DNA logo DNA 12-10-2021 (DNA Web Desk)

According to the warning issued by  Space Weather Prediction Center the geomagnetic storm could disrupt power grids in some areas, and the functioning of satellites too. The warning, however, noted that these effects will not be significant.

The Australian Bureau of Meteorology's Space Weather Service [SWS] said the Earth is "is currently under the influence of a full-halo CME triggered by a M1.6 flare" and the visibility of auroras would increase if geometric storms continue through the night.

According to the SWS, the coronal mass ejection (CME) arrived on October 11 at around 5pm universal time (UT). "On the local night of 11 October (and maybe 12 October), aurora may be visible from Tasmania, the coastline of Victoria and the southwest coast of Western Australia," the Space Weather Service said.

The UK Met Office said that the aurora could also be visible in some parts of the country. "On the 11 October a coronal mass ejection is expected to arrive at Earth, with minor to moderate geomagnetic storms likely, resulting in enhanced auroral activity during 11 October," The Met Office said.

"There is a slight chance of aurora reaching the far north of England and Northern Ireland tonight, but cloud breaks and therefore sightings are more likely in Northern Ireland. Minor storms may continue into 12 October, before a fast wind from a coronal hole may arrive, perhaps continuing the rather active period of geomagnetic activity," it added.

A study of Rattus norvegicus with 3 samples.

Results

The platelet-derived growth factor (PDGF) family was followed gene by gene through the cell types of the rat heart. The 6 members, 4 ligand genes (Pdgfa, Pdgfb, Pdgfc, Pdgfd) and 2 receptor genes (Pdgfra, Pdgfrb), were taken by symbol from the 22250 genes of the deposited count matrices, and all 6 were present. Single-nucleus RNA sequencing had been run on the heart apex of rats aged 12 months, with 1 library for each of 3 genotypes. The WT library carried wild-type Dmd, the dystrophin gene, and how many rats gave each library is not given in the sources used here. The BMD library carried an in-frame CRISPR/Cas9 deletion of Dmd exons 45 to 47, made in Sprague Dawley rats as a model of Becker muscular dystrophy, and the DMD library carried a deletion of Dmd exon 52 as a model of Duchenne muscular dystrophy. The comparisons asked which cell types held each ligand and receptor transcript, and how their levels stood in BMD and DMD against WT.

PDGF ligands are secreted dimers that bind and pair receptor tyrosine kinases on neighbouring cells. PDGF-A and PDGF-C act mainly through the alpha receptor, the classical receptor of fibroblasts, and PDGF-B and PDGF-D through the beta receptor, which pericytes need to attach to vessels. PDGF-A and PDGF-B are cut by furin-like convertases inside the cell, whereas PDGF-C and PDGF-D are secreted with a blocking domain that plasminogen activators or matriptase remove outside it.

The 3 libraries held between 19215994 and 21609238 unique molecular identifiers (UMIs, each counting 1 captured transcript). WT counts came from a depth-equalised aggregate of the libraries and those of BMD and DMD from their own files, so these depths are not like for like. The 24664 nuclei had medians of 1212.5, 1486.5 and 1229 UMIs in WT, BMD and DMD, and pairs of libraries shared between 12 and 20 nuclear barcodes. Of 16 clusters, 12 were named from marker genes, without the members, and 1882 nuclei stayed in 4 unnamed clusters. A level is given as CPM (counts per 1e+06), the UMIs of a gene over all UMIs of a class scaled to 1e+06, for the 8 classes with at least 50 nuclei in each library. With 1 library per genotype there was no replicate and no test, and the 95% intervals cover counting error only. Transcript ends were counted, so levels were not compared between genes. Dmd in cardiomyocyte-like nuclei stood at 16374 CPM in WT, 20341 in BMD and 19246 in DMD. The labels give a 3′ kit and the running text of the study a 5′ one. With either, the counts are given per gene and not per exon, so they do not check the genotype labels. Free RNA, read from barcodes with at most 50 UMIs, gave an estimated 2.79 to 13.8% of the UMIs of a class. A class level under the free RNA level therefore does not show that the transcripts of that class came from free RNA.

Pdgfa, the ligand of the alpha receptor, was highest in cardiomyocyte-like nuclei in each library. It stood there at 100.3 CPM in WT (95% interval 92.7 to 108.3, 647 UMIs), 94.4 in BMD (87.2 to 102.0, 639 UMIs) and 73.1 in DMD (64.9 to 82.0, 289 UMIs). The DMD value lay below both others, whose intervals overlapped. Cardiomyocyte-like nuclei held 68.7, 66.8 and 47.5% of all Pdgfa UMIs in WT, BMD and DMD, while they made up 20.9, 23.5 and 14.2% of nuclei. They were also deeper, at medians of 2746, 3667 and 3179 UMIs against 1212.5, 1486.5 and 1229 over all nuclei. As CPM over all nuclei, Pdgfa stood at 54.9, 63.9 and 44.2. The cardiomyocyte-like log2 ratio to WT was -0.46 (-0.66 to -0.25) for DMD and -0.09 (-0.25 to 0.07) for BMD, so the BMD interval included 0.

Coronal mass ejections, which can stretch over miles, are clouds of solar plasma and magnetic fields released into space after a solar eruption.

Space scientists have ranked solar storms on a scale of G1 to G5, with stronger storms having the potential to cause radio blackouts.

World's premier space agency NASA describes a geomagnetic storm as an interaction in magnetosphere of Earth. “When a coronal mass ejection or high-speed stream arrives at Earth it buffets the magnetosphere," NASA said.

“If the arriving solar magnetic field is directed southward it interacts strongly with the oppositely oriented magnetic field of the Earth. The Earth's magnetic field is then peeled open like an onion allowing energetic solar wind particles to stream down the field lines to hit the atmosphere over the poles,"it added.